First off, Thank you, Carrie Ann Ryan for putting this St. Patrick’s Day blog hop together! Loads of sites are participating, and I hope you will take time to hop about and check out some great blogs. There are two grand prizes on this hop as well as a prize that I am offering to anyone over 18, for which all you have to do is comment to enter. Read on for details…
I want to say I loathe St. Patrick’s Day because I’m an Irish-descended contemporary Druid and neopagan, and the one-day annual leprechaunization of the west grates on my culturally sympathetic nerves. I don’t loathe it, though, because I know it’s no longer cool to dwell on one more holiday conscripted by a late-blooming religion that claims the day as a long-held authentic tradition. I also know it’s not cool to point fingers at the culturally appropriated when I’m at best a reasonable modern facsimile of a broken path long-strewn with confusion and misinformation–oh, and bloodshed and tears at the hands of that other religion. You may remember from ninth grade World Cultures class the Roman and Christian destruction of druidic groves and sacred texts, the near-obliteration of an entire culture. That stuff. Or that in all seriousness–I simply don’t find celebrating the memory of a saint with green beer and colcannon while professing love for a country far-removed from most of our schemas very… spiritual.
While relevant annoyances on the topic, those aren’t my reasons for ambivalence about St. Patrick’s Day. I’m nonplussed about it because St. Patrick didn’t convert Ireland. If you read Reconstructionist historical accounts, he wasn’t the first Christian missionary on the isle, and Pagan culture thrived another hundred years after him. That’s not exactly a smashing success, let alone criteria for a bloody “conversion.”
What I do feel passionate about is how willing we are to take any misguided information and plug it into a holiday (holy day), without considering if it’s accurate. Frankly, we do that with more than St. Patrick’s Day. It annoys me that we’re comfortable with letting the history that we want to believe outweigh the history that was, especially if that chosen belief allows us a jab at a different life perspective. I say this to those who cling to the conquering missionary image of St. P., and to modern Pagans who perpetuate the idea that he brought about a blood bath to wipe out our predecessors. Neither is true.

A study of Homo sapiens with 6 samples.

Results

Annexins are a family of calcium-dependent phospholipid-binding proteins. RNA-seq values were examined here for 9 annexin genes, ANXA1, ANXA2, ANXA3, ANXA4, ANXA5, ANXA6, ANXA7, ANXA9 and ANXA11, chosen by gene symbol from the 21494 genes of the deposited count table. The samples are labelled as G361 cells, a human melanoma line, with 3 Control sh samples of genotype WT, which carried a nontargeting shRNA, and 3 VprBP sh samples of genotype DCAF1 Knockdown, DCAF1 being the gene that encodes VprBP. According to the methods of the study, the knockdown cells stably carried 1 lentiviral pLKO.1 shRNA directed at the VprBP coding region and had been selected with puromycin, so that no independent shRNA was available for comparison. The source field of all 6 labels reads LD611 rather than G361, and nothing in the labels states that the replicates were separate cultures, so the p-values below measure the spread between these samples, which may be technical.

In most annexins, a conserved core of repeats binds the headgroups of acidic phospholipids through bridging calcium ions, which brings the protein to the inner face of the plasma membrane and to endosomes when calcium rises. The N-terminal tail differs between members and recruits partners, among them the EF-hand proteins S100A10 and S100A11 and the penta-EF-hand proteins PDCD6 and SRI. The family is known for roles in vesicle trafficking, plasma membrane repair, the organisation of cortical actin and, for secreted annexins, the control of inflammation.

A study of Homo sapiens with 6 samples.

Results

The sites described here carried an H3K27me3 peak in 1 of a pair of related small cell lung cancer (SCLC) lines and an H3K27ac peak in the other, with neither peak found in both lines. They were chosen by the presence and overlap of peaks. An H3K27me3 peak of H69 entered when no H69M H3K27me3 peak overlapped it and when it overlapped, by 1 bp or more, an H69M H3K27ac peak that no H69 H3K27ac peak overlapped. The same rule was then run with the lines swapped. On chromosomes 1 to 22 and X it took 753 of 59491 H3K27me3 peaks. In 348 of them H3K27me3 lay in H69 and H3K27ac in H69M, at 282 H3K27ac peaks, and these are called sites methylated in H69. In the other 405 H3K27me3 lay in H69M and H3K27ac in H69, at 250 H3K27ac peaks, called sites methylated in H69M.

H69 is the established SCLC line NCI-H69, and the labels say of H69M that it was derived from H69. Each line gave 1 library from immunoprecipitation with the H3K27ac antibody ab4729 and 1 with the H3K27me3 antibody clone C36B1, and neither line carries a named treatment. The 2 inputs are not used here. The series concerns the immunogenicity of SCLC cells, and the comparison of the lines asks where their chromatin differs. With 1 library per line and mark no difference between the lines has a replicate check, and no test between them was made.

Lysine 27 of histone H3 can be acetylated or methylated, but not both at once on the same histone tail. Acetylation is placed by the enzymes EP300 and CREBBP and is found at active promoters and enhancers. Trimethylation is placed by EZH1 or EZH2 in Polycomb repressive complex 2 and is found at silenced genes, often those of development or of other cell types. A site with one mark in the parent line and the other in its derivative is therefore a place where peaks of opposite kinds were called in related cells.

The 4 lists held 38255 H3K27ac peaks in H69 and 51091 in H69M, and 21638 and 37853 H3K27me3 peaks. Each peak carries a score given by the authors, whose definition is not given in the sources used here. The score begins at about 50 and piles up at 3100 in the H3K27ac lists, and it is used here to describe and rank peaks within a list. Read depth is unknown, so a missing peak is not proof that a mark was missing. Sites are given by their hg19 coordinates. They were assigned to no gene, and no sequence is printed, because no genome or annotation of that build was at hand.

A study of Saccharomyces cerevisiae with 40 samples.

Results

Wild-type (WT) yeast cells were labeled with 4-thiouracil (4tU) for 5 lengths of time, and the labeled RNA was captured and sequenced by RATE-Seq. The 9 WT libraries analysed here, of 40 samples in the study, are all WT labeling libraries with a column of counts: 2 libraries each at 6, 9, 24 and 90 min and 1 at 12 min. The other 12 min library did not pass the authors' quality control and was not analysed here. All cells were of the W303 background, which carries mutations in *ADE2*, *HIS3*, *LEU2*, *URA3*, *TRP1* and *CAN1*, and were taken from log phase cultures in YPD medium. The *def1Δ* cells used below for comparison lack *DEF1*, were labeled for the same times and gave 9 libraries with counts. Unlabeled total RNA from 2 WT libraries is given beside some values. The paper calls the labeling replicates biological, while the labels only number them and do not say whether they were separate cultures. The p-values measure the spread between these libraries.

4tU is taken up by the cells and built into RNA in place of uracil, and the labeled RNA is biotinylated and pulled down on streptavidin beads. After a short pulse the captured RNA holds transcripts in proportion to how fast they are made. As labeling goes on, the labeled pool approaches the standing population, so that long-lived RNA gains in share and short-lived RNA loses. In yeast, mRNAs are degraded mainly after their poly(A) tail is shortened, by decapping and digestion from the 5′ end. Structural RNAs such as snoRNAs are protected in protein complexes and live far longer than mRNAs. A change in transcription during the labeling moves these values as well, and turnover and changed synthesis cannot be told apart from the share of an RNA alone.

The thing is: the history we choose to believe doesn’t change the history that was. Civilizations–really wonderful, glorious ones–turn over all the time, all through time. However gradually, gently, forcefully, or willingly they shift, it’s just a fact that they do and eventually all will. Ours will. When civilizations fall, cultures uproot and new traditions move in. One deity is traded for another, or several, or none. Religions and rulers scurry.
On 17 March some Pagans celebrate Celtic Culture Appreciation Day. I don’t celebrate anything in particular then, as my personal spiritual practice encompasses many Celtic influences that I honor on a daily basis. However you observe the holiday, thanks for joining me on this hop. Comment on my site and others on the hop to enter the Grand Prize drawing. The 1st Grand Prize Winner gets to choose between a Kindle Fire or Nook Tablet, and the 2nd Grand Prize Winner chooses between a $90 Amazon or Barnes & Noble Gift Card! Commenters (18 or over–please be willing to provide a statement of age)) on my site will be entered to win an ebook of Belle de Nuit, featuring my steamy story “Party Favour.” I will randomly select one commenter as the winner.
I tip my etheric shamrock in your general direction, wish you a peaceful Equinox, and wish everyone better than the luck of the Irish.